Metro’s Insatiable Appetite for Power and Money

By Eric Fruits

As featured in Oregon Transformation Newsletter,
Third Century Solutions,


Comedian John Oliver said, “If you want to do something evil, put it inside something boring.” Metro, the Portland area’s regional government, may be the most boring and least understood government in the country. Most voters don’t know what Metro is and, even more, don’t know what it does. It’s doesn’t help that Metro’s motto is, “So, hello. We’re Metro – nice to meet you.”

The agency manages the region’s urban growth boundary (UGB), as well as the Oregon Zoo, Convention Center and Expo Center, and makes a fortune running the region’s garbage and recycling program. Over the years, it has entered the parks business, the conservation business, the affordable housing business, and the economic development business.

What began as an obscure agency designed to streamline government has grown into a sprawling bureaucracy with more than 900 employees and an insatiable appetite for more power and money.

Metro was born as a “good government” measure. In an area with multiple city and county governments, the thought was that a regional government could reduce duplication and improve coordination. The result would be better services at a lower cost. Instead of city streets and county roads, why not a regional transportation agency? Instead of city police and county sheriffs, why not regional law enforcement?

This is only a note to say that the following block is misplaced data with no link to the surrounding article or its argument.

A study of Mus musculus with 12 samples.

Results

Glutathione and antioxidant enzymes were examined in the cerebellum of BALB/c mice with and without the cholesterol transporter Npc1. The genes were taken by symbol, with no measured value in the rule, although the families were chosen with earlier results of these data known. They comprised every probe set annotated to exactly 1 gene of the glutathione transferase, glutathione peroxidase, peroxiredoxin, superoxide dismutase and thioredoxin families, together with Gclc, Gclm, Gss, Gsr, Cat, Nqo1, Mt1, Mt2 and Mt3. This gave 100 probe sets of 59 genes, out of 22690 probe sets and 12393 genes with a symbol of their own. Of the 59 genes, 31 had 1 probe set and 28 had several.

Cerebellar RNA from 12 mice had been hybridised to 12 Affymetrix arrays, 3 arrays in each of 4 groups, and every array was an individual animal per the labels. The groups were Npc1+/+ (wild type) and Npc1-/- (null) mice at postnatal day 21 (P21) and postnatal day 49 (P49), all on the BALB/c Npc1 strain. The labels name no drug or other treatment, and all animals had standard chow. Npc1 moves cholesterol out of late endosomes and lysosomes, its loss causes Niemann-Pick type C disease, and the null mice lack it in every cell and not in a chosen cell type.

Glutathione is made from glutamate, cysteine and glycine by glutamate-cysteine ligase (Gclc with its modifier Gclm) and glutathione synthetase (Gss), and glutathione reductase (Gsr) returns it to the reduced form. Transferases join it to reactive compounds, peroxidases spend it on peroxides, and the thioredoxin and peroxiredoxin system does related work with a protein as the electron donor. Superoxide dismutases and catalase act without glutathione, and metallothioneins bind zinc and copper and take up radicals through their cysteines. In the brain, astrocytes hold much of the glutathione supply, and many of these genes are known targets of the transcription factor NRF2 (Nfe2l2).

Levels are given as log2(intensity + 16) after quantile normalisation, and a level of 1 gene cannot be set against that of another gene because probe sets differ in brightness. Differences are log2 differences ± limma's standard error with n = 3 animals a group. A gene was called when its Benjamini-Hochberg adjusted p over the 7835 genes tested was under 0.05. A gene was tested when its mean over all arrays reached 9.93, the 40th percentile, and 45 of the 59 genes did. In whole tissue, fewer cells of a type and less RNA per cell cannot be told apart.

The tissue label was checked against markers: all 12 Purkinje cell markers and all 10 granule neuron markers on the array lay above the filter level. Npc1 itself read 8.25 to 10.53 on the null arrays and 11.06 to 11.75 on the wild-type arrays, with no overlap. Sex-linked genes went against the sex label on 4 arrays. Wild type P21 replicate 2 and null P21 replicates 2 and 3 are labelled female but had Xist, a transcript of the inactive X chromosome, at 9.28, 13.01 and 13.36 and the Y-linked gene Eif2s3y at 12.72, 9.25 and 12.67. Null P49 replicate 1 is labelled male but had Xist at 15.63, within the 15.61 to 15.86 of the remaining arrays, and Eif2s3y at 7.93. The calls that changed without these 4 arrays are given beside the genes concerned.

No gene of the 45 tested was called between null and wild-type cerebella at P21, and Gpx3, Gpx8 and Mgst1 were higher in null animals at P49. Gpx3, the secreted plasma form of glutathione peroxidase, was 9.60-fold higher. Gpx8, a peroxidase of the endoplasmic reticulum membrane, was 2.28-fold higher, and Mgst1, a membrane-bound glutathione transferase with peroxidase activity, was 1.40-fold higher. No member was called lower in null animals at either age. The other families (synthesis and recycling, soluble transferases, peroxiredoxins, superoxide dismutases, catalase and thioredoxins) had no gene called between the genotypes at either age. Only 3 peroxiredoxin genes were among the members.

But, as with most good government ideas, Metro is yet another case of “good in theory, bad in practice.” Cities, counties and the state still tussle over road maintenance, and every jurisdiction has its own way of dealing with law enforcement. In many cases, Metro adds yet another layer of government into the mix.

Portland has its own housing bureau, and Multnomah County has its housing programs, too. In 2016, Portland voters approved $260 million in city-issued bonds for affordable housing. Then, last year, voters put Metro in the housing business with a $653 million housing bond.

Portland has its own economic development agency, Prosper Portland (formerly known as the Portland Development Commission). Over the years, Metro has put itself in the economic development business. In 2017, it got into the hotel business when construction began on a $225 million convention center hotel.

The upcoming multi-billion dollar transportation bond has $55 million set aside for economic development under the umbrella of the nebulous Albina Vision project, “transforming what exists today into a socially and economically inclusive community of residents, businesses, artists, makers, and visitors.”

The Oregon Department of Transportation is studying congestion pricing on parts of I-5 and I-205. The City of Portland is pushing its own program called Pricing for Equitable Mobility. And now, Metro is getting into the regional congestion pricing business.

This is what the Oregonian has recently called “mission creep.” But it’s worse than mission creep; it’s duplicative overreach. And it’s expensive.

If Metro’s parks and nature Measure 26-203 passes, voters will have approved more than $1 billion in Metro bonds in just two years.

Next year, Metro has plans to raise at least $3 billion in taxes for its transportation package. That $3 billion is just for what Metro calls its “Tier 1” projects; it still has a long list of “Tier 2” projects that can bring the bill as high as $7 billion. To pay for all that, Metro is considering an additional vehicle registration fee of up to $59, an income tax, additional property taxes, or even a sales tax. The tax increases never seem to end.

After 40 years, the region’s voters are weary of Metro, it’s ambiguous but sprawling mission, and it’s ever-growing demand for money. Perhaps it’s time for us to end Metro with a new motto: “So long, Metro – it was nice knowing you.”